Clemson’s linebacker speaks up, plays big role in Saturday’s Peaceful Demonstration

Clemson’s linebacker speaks up, plays big role in Saturday’s Peaceful Demonstration


Clemson’s linebacker speaks up, plays big role in Saturday’s Peaceful Demonstration


Mikes Jones, Jr., knew in his heart it was time for him to do something. It was time for him to speak up. So, Clemson’s linebacker did.

With help of his teammates, such as wide receiver Cornell Powell, reserve running back Darien Rencher and quarterback Trevor Lawrence, Jones began the organization of a Clemson Community Peaceful Demonstration that will be held Saturday from 6-8 p.m., at Bowman Field at Clemson University.

“I felt like my heart was really reaching for me to do something,” Jones said Thursday during a Zoom conference call with the media. “We came together kind of at the perfect time. We got to work and our whole [coaching] staff was behind us. Obviously, the community is behind us and I just feel like it was something we had to do.”

Led by Jones, members of the Clemson Football team came up with the idea last week, wanting to show how they are standing together and wanting to educate others on the struggles they go through on a daily basis as black Americans in hopes of preventing another horrific death, such as the one George Floyd suffered on May 25. They hope Saturday’s peaceful protest will create positive change against racism, social injustice, and police brutality.

After presenting the idea to the rest of the team, the players addressed it with head coach Dabo Swinney and the staff and later worked with the city of Clemson and Clemson University to bring the Clemson Community Peaceful Demonstration to life.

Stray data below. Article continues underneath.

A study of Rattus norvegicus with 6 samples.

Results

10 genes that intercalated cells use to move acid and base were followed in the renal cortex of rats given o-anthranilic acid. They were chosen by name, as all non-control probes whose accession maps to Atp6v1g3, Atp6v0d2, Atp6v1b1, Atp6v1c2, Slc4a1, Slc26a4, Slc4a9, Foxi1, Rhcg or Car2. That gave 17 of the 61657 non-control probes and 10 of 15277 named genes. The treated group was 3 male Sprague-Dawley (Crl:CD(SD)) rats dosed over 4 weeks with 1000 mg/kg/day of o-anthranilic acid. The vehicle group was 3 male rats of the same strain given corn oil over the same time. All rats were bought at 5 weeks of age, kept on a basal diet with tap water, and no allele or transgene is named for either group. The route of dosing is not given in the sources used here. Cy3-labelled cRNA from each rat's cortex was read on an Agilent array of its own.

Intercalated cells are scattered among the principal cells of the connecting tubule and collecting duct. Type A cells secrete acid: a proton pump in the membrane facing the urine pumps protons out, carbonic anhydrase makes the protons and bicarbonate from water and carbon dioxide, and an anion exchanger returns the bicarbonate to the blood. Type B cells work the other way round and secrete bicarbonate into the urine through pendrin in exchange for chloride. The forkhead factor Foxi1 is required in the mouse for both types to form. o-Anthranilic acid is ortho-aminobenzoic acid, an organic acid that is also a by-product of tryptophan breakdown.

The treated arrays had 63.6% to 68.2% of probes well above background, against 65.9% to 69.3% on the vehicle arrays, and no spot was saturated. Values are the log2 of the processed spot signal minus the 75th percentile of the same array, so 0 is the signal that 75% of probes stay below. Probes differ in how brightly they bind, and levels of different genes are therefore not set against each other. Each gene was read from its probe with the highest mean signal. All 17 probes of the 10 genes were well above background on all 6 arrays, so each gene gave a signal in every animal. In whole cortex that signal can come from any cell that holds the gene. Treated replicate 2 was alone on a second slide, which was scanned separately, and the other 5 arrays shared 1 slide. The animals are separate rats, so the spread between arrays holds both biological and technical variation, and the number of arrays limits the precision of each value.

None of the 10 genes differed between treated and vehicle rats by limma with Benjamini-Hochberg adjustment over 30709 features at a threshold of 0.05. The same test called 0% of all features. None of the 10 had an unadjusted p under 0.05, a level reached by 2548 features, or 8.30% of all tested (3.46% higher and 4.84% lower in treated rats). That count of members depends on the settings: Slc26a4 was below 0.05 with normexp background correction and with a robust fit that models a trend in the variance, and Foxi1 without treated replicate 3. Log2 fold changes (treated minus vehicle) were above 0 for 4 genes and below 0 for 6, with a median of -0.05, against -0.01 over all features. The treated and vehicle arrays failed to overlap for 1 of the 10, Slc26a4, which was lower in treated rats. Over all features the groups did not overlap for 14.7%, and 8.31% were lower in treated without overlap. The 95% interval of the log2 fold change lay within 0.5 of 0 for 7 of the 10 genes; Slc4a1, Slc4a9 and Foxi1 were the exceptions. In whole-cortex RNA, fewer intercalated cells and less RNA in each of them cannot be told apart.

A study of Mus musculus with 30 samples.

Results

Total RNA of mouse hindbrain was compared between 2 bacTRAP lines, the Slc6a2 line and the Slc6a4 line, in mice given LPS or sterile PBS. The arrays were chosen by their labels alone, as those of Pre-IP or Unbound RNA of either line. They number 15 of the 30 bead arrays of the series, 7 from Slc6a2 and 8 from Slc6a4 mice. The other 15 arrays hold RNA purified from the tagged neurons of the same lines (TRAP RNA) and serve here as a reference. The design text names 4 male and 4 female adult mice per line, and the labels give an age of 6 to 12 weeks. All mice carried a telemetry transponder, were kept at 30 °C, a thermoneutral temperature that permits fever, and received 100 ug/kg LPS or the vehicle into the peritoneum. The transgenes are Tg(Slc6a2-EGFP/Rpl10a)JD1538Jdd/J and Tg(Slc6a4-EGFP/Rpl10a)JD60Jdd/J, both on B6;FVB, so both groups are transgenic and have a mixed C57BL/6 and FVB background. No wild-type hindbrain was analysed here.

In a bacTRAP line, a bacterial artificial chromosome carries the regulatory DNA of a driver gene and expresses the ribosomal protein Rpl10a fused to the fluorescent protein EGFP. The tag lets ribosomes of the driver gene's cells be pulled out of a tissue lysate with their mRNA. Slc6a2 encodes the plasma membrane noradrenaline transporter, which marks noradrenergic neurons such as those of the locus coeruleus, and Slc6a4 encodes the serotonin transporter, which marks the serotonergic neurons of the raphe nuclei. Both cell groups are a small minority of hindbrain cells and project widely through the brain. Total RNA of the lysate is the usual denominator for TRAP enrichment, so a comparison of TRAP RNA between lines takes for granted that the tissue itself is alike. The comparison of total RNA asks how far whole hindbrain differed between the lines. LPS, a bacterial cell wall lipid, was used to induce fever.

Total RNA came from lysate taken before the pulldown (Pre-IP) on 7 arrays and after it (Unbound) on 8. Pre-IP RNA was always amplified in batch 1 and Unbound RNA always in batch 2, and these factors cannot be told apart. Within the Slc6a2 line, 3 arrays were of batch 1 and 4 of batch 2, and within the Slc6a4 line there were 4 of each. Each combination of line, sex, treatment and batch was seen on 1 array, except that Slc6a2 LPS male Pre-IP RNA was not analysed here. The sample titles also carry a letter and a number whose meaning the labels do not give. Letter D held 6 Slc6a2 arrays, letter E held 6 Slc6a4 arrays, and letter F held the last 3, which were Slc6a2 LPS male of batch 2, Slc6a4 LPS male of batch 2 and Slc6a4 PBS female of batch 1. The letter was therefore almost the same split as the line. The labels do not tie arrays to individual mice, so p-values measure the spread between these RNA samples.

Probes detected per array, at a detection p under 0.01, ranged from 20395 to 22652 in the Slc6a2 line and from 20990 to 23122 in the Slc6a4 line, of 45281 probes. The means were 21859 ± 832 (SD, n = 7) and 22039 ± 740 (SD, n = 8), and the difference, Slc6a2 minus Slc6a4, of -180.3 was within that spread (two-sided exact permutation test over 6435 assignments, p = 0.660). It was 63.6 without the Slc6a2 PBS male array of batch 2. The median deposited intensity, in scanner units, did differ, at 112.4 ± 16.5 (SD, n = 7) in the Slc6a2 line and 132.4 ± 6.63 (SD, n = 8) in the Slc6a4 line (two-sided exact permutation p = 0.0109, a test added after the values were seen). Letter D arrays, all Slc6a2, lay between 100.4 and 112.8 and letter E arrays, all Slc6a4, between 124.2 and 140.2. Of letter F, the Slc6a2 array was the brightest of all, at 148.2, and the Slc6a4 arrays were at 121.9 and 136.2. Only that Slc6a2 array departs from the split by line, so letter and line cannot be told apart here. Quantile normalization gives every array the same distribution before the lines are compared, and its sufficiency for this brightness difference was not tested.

“Basically, we want to get our message out that we want equality in everything that we do, especially as a black community and to stop police brutality,” Powell said. “It is really sad to see some of the videos and hear some of the stories. But I feel like with this peaceful march, that we are going to have Saturday, is really going to bring the community together and really do justice for us.”

Since George Floyd’s death, and all the rallies and protests that have followed, Jones says a lot of his white friends and acquaintances, people he has not spoken to since he was in middle school, have reached out to him and talked to him about everything that is going on. He said they have had good conversations and he has been able to communicate with them the struggles he and other black Americans go through on a daily basis.

“The main thing with my conversations is to let people know that, although we see these things on TV, it could be very real to us,” Jones said. “I have had situations happen in my family. I have personally told them about my fears, my struggles.

“I feel a lot of times it is not really addressed with people you are close with. You see it on social media, and you know it is wrong, but it will hit you different if your best friend has been going through something and it has never been brought up. The conversations have been hard at times, but I feel like hard conversations is how you make change and how you bring attention to some things even if you do not want to talk about them.”

Jones and organizers of the Clemson Community Peaceful Demonstration ask that those coming to Clemson on Saturday please wear a black shirt, practice social distancing, wear a facemask to cover the nose and mouth and to bring plenty of water.